Leaders from across the country stress importance of religious freedom during annual two-week event
At a Mass on Sunday, June 21, at Baltimore’s Basilica of the National Shrine of the Assumption of the Blessed Virgin Mary, Archbishop William E. Lori officially began the fourth annual Fortnight for Freedom — a two-week period in which the U.S. Conference of Catholic Bishops calls on the faithful to support religious freedom.
During his homily, Archbishop Lori, chairman of the USCCB committee on religious liberty, stressed to the nearly 1,000 in attendance why the topic is so crucial to the Church and the faithful.
“Endangered is the freedom of church ministries to provide employee benefits and to provide adoptions and refugee services in accord with the Church’s teaching on faith and morals. It is one thing for others to disagree with the Church’s teaching but quite another to discriminate against the rights of believers to practice our faith, not just in word but in the way we conduct our daily life, ministry and business.”
This year, the event’s theme was “Freedom to Bear Witness.”
Archbishop Lori pointed to the killing of 21 Coptic Christians in Libya by members of the terrorist group ISIS as an example of those bearing witness to Christ. “No matter how great the threat to life and property, these believers exercise that God-given freedom which no tyrant can eradicate — the freedom to bear witness to one’s faith even at the cost of one’s life. We should be inspired by their courage and renewed in our resolve not to let religious freedom in our country be compromised by degrees until it all but disappears from our society.”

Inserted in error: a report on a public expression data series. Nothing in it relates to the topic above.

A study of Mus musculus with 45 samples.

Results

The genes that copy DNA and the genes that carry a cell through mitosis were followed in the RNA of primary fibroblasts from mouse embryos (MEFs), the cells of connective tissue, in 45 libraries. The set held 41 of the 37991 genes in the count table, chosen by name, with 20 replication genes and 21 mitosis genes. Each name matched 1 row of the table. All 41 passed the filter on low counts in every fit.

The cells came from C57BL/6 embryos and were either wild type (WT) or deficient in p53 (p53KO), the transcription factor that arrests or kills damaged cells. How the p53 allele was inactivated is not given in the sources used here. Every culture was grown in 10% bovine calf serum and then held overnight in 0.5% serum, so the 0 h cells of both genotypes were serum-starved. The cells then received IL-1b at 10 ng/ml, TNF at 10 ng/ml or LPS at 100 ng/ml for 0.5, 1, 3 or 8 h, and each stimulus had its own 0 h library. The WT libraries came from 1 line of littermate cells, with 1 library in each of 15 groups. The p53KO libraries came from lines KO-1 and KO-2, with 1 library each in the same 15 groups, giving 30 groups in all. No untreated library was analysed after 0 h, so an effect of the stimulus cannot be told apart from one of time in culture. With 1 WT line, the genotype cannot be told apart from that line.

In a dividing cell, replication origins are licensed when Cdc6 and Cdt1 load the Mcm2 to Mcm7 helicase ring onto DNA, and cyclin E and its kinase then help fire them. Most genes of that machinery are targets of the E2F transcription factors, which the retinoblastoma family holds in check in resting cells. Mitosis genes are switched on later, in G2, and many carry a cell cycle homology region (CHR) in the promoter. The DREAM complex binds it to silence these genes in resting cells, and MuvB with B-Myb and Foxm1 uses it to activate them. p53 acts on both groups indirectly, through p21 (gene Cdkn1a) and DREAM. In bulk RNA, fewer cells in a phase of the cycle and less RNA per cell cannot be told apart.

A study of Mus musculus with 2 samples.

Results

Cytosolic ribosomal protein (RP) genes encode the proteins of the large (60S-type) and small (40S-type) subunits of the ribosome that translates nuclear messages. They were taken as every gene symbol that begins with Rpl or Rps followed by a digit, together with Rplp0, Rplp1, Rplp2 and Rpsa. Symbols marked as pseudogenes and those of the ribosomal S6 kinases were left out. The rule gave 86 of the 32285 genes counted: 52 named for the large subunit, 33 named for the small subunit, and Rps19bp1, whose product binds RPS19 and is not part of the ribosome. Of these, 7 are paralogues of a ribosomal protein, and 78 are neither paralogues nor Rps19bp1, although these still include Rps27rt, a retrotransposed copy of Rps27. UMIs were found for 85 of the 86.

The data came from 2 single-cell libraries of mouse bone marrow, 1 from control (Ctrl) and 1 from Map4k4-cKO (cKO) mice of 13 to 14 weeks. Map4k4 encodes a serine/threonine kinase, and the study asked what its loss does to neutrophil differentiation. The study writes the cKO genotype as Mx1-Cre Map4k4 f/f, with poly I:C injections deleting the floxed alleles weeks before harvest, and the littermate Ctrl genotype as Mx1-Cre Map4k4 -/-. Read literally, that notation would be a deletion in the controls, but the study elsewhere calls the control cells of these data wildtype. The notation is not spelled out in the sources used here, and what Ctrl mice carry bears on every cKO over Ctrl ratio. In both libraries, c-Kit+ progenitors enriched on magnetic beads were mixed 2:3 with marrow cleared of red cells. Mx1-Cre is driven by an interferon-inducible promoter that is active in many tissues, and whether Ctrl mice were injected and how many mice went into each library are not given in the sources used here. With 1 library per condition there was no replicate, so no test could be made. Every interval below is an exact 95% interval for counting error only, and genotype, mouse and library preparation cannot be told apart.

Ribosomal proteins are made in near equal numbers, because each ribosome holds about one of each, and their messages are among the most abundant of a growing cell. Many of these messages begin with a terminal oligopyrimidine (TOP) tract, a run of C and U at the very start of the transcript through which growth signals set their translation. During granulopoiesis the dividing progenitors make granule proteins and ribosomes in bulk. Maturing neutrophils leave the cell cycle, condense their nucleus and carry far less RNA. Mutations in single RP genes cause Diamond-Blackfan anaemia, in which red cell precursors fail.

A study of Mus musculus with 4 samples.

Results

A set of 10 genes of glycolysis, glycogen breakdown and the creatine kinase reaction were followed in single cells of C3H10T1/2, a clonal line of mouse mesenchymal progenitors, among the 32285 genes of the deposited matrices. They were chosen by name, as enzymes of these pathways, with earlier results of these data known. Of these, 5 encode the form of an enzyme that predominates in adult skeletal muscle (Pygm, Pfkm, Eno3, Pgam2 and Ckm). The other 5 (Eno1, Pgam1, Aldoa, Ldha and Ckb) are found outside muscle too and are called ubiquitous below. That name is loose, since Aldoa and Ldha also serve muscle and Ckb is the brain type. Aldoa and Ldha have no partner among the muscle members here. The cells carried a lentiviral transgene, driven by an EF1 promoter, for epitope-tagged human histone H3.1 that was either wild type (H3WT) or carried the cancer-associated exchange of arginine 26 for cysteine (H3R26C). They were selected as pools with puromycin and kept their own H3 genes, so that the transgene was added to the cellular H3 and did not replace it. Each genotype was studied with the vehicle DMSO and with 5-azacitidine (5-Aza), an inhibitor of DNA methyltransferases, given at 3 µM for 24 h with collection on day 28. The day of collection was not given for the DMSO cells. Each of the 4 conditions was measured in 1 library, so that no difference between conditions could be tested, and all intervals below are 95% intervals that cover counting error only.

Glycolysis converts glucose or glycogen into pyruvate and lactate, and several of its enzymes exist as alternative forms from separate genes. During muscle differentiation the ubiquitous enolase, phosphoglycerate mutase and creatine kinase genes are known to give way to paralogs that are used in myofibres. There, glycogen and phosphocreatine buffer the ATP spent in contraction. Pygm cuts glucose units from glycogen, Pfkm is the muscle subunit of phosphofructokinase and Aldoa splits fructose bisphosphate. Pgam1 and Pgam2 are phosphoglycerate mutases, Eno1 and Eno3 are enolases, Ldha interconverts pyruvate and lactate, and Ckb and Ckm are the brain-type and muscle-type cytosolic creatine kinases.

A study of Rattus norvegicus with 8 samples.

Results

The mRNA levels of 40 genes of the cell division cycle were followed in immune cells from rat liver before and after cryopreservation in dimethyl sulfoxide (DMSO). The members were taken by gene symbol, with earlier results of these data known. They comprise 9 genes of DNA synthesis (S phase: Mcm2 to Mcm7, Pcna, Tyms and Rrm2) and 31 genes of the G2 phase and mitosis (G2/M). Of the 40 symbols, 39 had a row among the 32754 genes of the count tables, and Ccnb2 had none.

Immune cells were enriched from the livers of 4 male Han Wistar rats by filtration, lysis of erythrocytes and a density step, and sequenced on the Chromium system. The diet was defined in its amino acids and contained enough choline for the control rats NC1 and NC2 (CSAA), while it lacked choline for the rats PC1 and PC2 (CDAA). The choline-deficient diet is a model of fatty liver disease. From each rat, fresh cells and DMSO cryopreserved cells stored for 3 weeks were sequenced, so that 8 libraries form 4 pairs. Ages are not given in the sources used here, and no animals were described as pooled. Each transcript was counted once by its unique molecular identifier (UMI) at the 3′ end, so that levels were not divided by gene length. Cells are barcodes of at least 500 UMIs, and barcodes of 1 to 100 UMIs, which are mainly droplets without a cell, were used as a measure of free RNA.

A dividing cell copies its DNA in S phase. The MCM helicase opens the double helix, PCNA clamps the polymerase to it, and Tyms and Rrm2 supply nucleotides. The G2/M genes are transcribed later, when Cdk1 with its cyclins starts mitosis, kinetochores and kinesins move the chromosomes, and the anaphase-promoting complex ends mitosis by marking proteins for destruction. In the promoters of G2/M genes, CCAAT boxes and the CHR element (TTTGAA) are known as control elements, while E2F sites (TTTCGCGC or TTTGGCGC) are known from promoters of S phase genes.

Bishop Nicholas DiMarzio of the Diocese of Brooklyn, New York, also pointed to the persecution of Christians in the Middle East in his letter to the faithful on the Fortnight.
“We cannot insult the sufferings of Christians in the hostile places of the world by claiming our suffering in anyway is comparable,” Bishop DiMarzio wrote. “In truth, their blood is the blood of the martyrs. Yet, the erosion of our freedoms is real and we must not take these threats lightly, or our children will suffer the consequences of our neglect.”
Archbishop Joseph W. Tobin of Indianapolis, in a June 19 letter to the faithful of his archdiocese, listed “several critical issues” facing our nation and the Church, including the redefinition of marriage and the forced participation with the federal HHS mandate.
“Freedom of religion is not simply permission to worship in a church, synagogue or mosque,” Archbishop Tobin wrote. “The founders of our nation called for the law to recognize that citizens possess a God-given dignity and, hence, God-given rights. Without the liberty to live our faith publicly and follow the dictates of our conscience, we are not truly free.”